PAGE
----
They can still thrill crowds, still drop jaws and still rack up a double-digit win total.
They can produce first-round picks, upset a nationally ranked foe, and reach a 10th straight bowl.
Over the next few weeks, the Huskies will have plenty of chances to provide themselves and fans with fond memories. But no matter what they accomplish, 2019 will be a disappointing season.
This became all but official when Oregon beat Washington 35-31 on Saturday. In handing the Huskies their third loss, the 12th-ranked Ducks essentially erased UW’s chances of winning the Pac-12 or returning to a New Year’s Six game.
If you were to ask a Husky fan before the season, “Would you be cool with winning 10 games but losing to Oregon and playing in a pedestrian bowl?” — I’d bet three months’ salary the answer would be no. This team can still give its supporters joy, but it can’t leave them satisfied.
“It sucks,” said Washington quarterback Jacob Eason, who finished with 289 yards, three touchdowns and no interceptions on 23-of-30 passing. “We just got outplayed in the second half.”
Saturday’s result may very well boost Zoloft sales in Seattle for the next couple weeks. Despite leading 28-14 early in the third quarter, and 31-21 late in the third quarter, the 25th-ranked Huskies (5-3, 2-3 in conference) let their chief rival eke out a win.
Washington’s offense went from unstoppable through the first 45 minutes to unbearable in the final 15, when they suffered two three-and-outs and a turnover on downs. That cinematic touchdown drive that would have been enshrined in Husky lore? It just never came.
It’s too bad for fans, because for a while, it looked as though they were witnessing a historic performance. Multiple websites have projected Oregon’s Justin Herbert as the No. 2 pick in next year’s draft, but through the first three quarters, he wasn’t even the best quarterback on the field.
Whether it was launching a 48-yard scoring pass to Jordan Chin, or leading a 75-yard touchdown drive, Eason spent most of Saturday showcasing Sunday talent in front of the whole country. But like his teammates, the man with the masterful long ball came up short.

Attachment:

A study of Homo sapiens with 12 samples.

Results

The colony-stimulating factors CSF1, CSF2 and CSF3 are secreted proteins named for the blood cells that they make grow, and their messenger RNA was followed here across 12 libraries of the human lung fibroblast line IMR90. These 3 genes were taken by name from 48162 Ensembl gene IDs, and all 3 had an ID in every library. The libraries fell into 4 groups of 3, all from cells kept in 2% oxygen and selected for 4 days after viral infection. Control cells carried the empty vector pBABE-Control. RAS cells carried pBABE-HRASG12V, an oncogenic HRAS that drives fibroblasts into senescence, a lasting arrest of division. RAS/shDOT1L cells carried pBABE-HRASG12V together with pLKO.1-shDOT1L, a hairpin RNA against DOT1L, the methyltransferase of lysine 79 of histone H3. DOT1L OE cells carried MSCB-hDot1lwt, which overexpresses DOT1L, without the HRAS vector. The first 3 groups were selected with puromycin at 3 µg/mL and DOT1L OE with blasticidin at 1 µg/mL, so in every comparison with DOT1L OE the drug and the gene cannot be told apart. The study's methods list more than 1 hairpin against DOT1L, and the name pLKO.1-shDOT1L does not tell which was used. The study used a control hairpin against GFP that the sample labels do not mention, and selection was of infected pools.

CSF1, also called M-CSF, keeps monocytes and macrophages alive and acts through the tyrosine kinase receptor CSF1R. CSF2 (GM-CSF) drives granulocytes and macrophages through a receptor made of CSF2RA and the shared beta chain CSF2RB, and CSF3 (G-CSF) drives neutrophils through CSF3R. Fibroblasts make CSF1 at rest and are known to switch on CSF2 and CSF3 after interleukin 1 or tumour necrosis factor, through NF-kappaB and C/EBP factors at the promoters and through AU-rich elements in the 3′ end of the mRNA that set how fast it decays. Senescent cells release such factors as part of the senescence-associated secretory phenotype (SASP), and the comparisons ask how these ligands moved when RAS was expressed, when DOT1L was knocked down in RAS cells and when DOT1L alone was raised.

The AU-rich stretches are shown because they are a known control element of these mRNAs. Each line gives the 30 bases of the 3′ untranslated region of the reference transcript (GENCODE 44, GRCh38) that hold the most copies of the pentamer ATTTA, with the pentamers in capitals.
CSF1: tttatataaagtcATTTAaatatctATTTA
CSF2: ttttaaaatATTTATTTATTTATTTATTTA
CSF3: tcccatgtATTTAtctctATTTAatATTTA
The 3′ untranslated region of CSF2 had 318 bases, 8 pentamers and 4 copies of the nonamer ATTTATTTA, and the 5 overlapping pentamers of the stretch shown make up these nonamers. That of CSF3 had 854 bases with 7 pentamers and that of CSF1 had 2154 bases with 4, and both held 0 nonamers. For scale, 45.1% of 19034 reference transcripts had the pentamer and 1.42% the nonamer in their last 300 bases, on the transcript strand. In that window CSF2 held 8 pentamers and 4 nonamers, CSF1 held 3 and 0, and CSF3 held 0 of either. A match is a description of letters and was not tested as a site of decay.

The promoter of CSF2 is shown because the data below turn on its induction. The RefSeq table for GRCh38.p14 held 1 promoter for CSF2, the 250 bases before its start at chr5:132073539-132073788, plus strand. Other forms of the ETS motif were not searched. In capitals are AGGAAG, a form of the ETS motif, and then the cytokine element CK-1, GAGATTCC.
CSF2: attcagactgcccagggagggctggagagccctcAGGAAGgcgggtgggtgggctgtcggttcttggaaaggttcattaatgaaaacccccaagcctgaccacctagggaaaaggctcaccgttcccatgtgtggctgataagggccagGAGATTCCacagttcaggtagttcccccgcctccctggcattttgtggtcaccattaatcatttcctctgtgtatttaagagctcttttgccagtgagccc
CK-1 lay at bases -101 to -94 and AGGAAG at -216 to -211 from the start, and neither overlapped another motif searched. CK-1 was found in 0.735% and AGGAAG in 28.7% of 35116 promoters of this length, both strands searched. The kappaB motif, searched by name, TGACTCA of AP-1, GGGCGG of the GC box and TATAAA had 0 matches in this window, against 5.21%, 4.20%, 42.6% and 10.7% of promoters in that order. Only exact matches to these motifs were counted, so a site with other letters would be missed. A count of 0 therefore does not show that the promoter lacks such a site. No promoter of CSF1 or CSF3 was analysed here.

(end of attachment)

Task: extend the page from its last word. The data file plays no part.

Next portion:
This loss wasn’t on Eason, though. Oregon (6-1, 4-0) carved the Huskies up on the ground and in the air. Its three running backs finished with 180 yards on 33 carries. Herbert tallied 280 yards and four touchdowns on 24-of-38 passing.
A regular image on the television broadcast was a frustrated Jimmy Lake, the UW defensive coordinator whose team forced no turnovers and collected no sacks.
But it wasn’t just what the Ducks were doing to the Huskies. It was what the Huskies were doing to themselves. There was an array of missed tackles, a late hit that led to an Oregon touchdown, and a snap that flew over Eason’s head for a loss of 19 yards. There was the repeated failures in the wildcat formation, including one on a crucial third-and-two midway in the fourth quarter. And there was the miscommunication on the Ducks’ sole rushing TD, when it looked as though Washington had just 10 players on the field.
Yes, Washington receiver Puka Nacua may have been the victim of uncalled pass interference on the Huskies’ last offensive play, which would have given them a first down near Oregon’s 30 with 45 seconds to go. But UW put itself in a tenuous position and has to live with the result.
After the game, I asked Huskies coach Chris Petersen if the Ducks made a defensive adjustment to hinder his team in the fourth quarter. He said no, but added this.
“Sometimes it comes down to willpower, but I have to look at the tape to see exactly what’s going on.”
That’s going to be a tough film session to stomach, just as the season has been so far. Credit Petersen for keeping his program’s expectations high every year, but the Huskies won’t end this one having met them.
With three Pac-12 losses, it’s doubtful they have even a .1% chance of winning the conference title or getting back to a major bowl. And when you mix in a loss to Oregon with that reality, sleep may be hard to come by.
Washington center Nick Harris and safety Myles Bryant stressed that the Huskies still have a lot to play for. That’s true. These situations often test a team’s resolve.
But right now, pride is the primary motivation for the Huskies. Like Saturday’s game, they let their chance at anything more get away from them.